After a quasi-apocalyptic summer, with never seen before records of floods, droughts, and fires that affected millions of people across the planet, it is more urgent than ever to respond to this question: Who should respond to the formidable challenges of climate change?
In 73 countries, ministries of environment are identified as the main anchors to coordinate, monitor, and regulate all climate-related matters. Central planning and finance agencies have the institutional ownership of the climate change agenda in only twelve countries.
Figure 1. Institutional Ownership of Climate Change Agenda by Region
Institutions matter for climate change. Effective climate action requires a whole-of-economy and a whole-of-government response. Policy makers need to be able to make tradeoffs across development and climate policy objectives. They must translate the policy objectives into instruments considering the relative merits of information, regulation, taxation and public spending as policy tools. Policymakers also have to offer incentives to both the public and private sectors and to be able to enforce implementation. All of these considerations underscore the importance of having institutions take responsibility for climate policy, from presidencies and prime ministers’ offices, to planning and finance agencies depending on the country. Having said that, this institutional configuration is still the exception rather than the rule.
Historically, ministries of environment have taken the lead on the climate agenda to promote environmental sustainability, natural resource protection, and other conservation efforts. They also coordinate relevant policy implementation and the ratification of international agreements. However, their position outside the center of government prevents them from taking broader development polices into consideration and building consensus around effective solutions to climate change.
In the last decade, ministries of climate change have been established in 11 countries to prioritize action on this critical agenda.The Ministry also facilitates and coordinates the mainstreaming of climate change programs and policies for federal and provincial departments. India and Bangladesh have also each created a Ministry of Environment, Forest and Climate Change, in 2014 and 2018 respectively. As opposed to ministries of environment, the goals and duties of ministries of climate change are more specific, which allows them to focus on addressing both economic and social impacts of climate change more effectively through tailored technical expertise. The downside is that ministries of climate change are unable to align climate targets with broader development and economic policies. And, due to their infancy, these ministries are often insufficiently resourced, have limited program and execution capabilities, and are unable to influence other national and subnational agencies.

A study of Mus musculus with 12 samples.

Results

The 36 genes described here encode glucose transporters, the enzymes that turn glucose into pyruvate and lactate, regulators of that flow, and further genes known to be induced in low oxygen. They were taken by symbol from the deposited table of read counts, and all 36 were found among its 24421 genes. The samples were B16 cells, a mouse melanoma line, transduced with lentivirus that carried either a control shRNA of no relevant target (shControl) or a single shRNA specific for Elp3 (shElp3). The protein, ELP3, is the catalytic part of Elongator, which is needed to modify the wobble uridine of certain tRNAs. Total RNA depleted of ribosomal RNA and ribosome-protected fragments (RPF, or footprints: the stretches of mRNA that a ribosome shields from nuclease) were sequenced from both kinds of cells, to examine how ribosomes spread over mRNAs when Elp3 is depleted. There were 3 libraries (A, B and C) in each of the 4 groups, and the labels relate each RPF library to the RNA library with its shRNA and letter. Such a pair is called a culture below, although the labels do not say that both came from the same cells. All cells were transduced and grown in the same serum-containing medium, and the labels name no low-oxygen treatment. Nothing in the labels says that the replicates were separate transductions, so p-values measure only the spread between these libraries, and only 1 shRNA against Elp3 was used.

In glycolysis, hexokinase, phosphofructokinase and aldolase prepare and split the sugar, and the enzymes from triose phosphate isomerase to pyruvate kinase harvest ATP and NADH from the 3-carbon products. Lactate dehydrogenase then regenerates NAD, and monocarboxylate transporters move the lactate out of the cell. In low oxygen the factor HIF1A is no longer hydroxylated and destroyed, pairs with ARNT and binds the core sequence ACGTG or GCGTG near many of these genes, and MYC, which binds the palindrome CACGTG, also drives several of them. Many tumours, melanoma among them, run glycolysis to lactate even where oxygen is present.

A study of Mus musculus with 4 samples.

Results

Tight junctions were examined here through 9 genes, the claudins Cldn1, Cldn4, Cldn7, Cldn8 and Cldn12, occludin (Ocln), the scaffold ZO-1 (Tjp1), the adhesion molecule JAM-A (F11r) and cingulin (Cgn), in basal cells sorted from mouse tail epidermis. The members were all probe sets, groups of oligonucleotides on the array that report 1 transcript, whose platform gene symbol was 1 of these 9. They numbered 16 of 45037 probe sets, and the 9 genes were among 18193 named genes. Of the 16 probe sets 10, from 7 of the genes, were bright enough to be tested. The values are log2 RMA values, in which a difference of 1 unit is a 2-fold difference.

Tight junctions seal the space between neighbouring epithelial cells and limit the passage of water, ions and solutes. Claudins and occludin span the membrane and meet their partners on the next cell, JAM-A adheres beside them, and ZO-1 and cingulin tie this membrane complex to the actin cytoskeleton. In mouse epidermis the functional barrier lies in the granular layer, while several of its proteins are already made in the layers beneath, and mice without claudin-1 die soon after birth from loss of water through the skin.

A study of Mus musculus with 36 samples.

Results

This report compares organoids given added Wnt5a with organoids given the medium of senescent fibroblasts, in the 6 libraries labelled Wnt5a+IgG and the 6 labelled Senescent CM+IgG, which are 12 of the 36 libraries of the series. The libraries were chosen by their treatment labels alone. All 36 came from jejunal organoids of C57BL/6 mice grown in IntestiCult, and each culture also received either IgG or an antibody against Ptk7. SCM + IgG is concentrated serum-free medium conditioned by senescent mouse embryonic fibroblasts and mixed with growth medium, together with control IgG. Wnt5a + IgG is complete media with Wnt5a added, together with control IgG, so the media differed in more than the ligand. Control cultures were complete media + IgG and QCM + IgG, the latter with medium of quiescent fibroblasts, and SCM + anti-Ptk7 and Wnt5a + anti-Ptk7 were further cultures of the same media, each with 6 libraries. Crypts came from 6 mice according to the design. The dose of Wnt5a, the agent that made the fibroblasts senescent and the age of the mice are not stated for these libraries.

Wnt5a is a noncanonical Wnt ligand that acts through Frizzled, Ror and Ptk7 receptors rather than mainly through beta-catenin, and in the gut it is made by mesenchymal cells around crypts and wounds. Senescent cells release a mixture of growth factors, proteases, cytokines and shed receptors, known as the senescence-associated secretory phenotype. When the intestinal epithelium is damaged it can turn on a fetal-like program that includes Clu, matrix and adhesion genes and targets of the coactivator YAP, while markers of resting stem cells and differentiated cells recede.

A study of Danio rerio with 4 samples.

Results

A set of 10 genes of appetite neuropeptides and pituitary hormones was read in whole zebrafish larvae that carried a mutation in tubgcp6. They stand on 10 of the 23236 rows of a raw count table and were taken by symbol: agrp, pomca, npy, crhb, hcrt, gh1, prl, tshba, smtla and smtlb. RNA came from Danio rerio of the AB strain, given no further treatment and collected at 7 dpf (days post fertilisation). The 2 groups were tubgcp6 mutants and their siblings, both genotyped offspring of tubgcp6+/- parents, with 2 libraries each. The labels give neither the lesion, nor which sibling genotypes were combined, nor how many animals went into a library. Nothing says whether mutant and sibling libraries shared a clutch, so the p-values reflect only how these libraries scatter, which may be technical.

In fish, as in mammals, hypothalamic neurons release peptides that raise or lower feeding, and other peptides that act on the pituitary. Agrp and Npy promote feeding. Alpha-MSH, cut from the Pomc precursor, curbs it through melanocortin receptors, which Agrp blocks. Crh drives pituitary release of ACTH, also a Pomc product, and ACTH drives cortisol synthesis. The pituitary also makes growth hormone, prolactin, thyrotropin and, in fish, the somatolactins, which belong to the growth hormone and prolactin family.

As countries take on increasingly ambitious climate targets, the role of central planning and finance agencies becomes critical. These agencies are well-positioned to ensure that climate change goals are aligned with economic and development policies. They are also able to choose the appropriate instruments required to deliver policy objectives across information, regulation, taxation, and public spending. General António Guterres said, “Your decisions and actions in the coming weeks will determine whether the global economic recovery will be low-carbon, resilient and inclusive or whether it will lock-in fossil fuel-intensive investments with high risks of stranded assets…The world needs your leadership.”Speaking at the Sixth Ministerial Meeting of the Coalition of Finance Ministers for Climate Action, UN Secretary-
“Your decisions and actions in the coming weeks will determine whether the global economic recovery will be low-carbon, resilient and inclusive or whether it will lock-in fossil fuel-intensive investments with high risks of stranded assets…The world needs your leadership.” - General António Guterres
Climate change is one of many and not necessarily the most pressing priority that governments face; nonetheless, taking institutional ownership of the climate change agenda is important.. It also requires strong coordination between government and nongovernment stakeholders. Central planning and finance agencies are well-positioned to take the lead on setting climate policy so that climate change gets the attention – and resources – that it urgently deserves.